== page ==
Happy 80th birthday, Sergio Aragonés!

Mighty mustached maestro Sergio Aragonés taught me, and perhaps most of my generation, the importance of a clear, fast read in a funny cartoon drawing – and the universal power of no dialogue!

Sure – appeal, construction, line of action, etc. are all important, but they mean nothing without clarity, which is something Sergio mastered and makes look so effortless.

Paperback collections of Aragonés' work for "MAD."
Paperback collections of Aragonés’ work for “MAD.”

He studied architecture in Mexico City and didn’t speak English very well when he came to the United States from Mexico (and prior to that Spain, where his family escaped Franco’s dictatorship) so he spoke to the MAD Magazine editors with his wordless drawings. And this “voice” has been beautiful and hilarious ever since. Like many immigrants, he turned his weakness into his strength, and his countless books and MAD cartoons have traveled the world and found an international audience because of this.

Sergio Aragonés' long-running comic creation "Groo the Wanderer."
Sergio Aragonés’ long-running comic creation “Groo the Wanderer.”

But perhaps the biggest lesson he taught me was how humble and noble he was with his fans, both young and old, at any of his signings. Hearing his words meant the world to many young aspiring artists, like this little chubby Tijuana kid at the San Diego Comic Con that Aragonés went out of his way to give advice and encouragement.

To see my hero review my little kid drawing and hear him say, “Keep drawing as much as you can and you just might make it” was life changing. Like many before and after me, I am a cartoonist because of Sergio Aragonés.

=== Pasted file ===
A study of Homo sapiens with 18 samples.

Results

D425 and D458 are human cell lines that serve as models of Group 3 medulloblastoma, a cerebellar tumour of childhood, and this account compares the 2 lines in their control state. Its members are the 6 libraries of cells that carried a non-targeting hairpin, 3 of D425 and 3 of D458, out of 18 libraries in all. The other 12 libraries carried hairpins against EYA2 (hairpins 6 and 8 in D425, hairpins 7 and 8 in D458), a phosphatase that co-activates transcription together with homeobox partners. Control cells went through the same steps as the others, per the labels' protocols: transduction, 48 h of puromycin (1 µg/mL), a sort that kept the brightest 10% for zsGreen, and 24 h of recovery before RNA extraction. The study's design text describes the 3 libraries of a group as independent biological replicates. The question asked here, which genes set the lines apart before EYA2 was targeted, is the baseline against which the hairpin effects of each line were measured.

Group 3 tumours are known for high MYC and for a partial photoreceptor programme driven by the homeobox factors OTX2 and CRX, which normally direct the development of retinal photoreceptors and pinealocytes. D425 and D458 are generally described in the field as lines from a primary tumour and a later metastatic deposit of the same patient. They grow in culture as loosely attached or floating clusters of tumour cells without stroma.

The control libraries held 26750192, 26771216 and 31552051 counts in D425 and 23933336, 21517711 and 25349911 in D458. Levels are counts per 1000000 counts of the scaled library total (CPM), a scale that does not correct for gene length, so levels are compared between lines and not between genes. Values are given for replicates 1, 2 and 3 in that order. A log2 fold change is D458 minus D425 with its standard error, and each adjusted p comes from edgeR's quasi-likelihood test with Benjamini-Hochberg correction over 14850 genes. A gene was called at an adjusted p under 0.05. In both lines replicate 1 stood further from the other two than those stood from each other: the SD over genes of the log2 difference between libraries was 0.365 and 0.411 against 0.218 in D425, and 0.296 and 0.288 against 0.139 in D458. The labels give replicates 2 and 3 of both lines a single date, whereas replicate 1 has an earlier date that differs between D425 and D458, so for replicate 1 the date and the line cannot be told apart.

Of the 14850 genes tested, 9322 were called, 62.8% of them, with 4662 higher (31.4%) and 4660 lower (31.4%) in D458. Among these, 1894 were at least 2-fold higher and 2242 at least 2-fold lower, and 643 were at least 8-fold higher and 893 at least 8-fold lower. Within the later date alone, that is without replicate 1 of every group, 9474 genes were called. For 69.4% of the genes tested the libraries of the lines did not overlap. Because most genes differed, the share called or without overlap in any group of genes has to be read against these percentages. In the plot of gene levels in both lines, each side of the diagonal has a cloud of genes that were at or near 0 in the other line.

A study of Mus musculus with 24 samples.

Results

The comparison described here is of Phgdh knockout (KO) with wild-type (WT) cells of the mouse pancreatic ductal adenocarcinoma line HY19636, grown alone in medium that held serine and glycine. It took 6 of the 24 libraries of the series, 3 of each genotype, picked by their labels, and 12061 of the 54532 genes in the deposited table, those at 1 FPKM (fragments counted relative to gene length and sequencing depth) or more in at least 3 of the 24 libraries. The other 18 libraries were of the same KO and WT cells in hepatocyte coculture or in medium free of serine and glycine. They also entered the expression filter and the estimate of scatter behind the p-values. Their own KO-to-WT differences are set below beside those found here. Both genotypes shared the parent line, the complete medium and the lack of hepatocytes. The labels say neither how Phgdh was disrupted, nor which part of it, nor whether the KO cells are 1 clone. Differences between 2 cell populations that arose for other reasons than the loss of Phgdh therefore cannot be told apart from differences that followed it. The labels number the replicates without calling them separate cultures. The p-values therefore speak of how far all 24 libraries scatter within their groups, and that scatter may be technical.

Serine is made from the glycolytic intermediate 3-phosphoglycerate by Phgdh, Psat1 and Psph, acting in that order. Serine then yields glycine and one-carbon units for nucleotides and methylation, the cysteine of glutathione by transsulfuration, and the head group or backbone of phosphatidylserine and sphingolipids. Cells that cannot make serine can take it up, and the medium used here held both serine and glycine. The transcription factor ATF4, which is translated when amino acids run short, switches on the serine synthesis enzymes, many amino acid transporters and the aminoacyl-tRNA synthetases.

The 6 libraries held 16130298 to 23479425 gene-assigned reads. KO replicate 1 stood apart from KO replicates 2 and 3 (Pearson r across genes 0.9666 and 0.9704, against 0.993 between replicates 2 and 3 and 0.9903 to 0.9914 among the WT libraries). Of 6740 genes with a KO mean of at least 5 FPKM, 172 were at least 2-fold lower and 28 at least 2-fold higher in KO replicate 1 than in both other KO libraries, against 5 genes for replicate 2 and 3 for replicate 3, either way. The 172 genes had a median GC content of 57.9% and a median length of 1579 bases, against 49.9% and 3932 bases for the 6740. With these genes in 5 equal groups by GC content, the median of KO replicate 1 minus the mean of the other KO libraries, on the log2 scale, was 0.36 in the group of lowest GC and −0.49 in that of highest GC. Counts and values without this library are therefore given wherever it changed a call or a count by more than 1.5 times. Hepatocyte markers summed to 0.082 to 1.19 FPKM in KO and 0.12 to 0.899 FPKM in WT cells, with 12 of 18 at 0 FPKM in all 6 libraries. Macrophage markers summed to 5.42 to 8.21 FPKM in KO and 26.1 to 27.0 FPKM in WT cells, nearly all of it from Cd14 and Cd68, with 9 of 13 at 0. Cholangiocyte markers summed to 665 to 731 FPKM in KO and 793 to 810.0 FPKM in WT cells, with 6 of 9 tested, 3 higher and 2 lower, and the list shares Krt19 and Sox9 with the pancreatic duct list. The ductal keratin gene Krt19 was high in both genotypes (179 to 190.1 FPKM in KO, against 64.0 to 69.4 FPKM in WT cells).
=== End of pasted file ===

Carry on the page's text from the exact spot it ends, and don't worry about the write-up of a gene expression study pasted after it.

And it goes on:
Below is the story of how I first met him:

Sergio Aragonés and Jorge Gutierrez at a comic festival recently held in Queretaro, Mexico.
Sergio Aragonés and Jorge Gutierrez at a comic festival recently held in Queretaro, Mexico.
  • Pedro Nakama

    Back in 1980 I was in the audience of a live television show called “Speak Up America.” At each commercial break they would cut to Sergio Aragones drawing a comic. He was right behind me and my brother. At the pre-show they kept emphasizing it was “live television.” Sergio, under his breath said, “As opposed to dead television.” He got my brother an I laughing. Very funny.

  • That is so cool you got to speak with him. A very nice article.

  • Elsi Pote

    It takes a master to be humble enough to praise those who came before him/her.

    God bless you Jorge!

  • Capital_7

    This is wonderful.

  • Sergio taught me to be a cartoonist. When I was a young lad back in Dallas, Sergio would look at my portfolio at the Dallas Fantasy Fair. He was the only professional who took the time to give me notes and pointers and always encouraged me to draw.

    Each year I would see him he would spend time looking at my work and pointing out what worked, and what did not work. He would show me perspective in just a few strokes better than any book could explain to me. He taught me composition, expression, you name it! Each time we met, it would be a long discussion about cartooning principles and how I need to apply them to my work.

    After a few years of this ritual, I moved to California. I saw him at Comic – Con. I presented my portfolio to him. He looked through it very methodically and had nothing to say. I thought “Oh my God! I got worse!” after a few moments of me sweating it out, he handed me back my portfolio, stood up, shook my hand and said, “Congratulations! You are a cartoonist!”

    That was my “formal” education. Since that day I have worked professionally for the past 20 years. And every time I see him it is with a big hug and smile and spending time talking about life.

    So, Happy Birthday Sergio! And muchas gracias, Maestro!

  • Jack Rabbit

    Ha ha! Just this week, a stack of letters came back to me I wrote back in the 70’s to last year. In them, there are scotch-taped his Marginal Cartoons, which fit right within the width of the tape. Ha ha! Forgot about those till I saw them, now I need a magnifying glass to see them. Ha ha!

  • Atish Tripathi

    Sergio is fantastic!! Back in the days before E mail and Instant mobile communication, I used to copy Sergio’s drawings from MAD magazine in the margins of my letters to my pen friends and parents.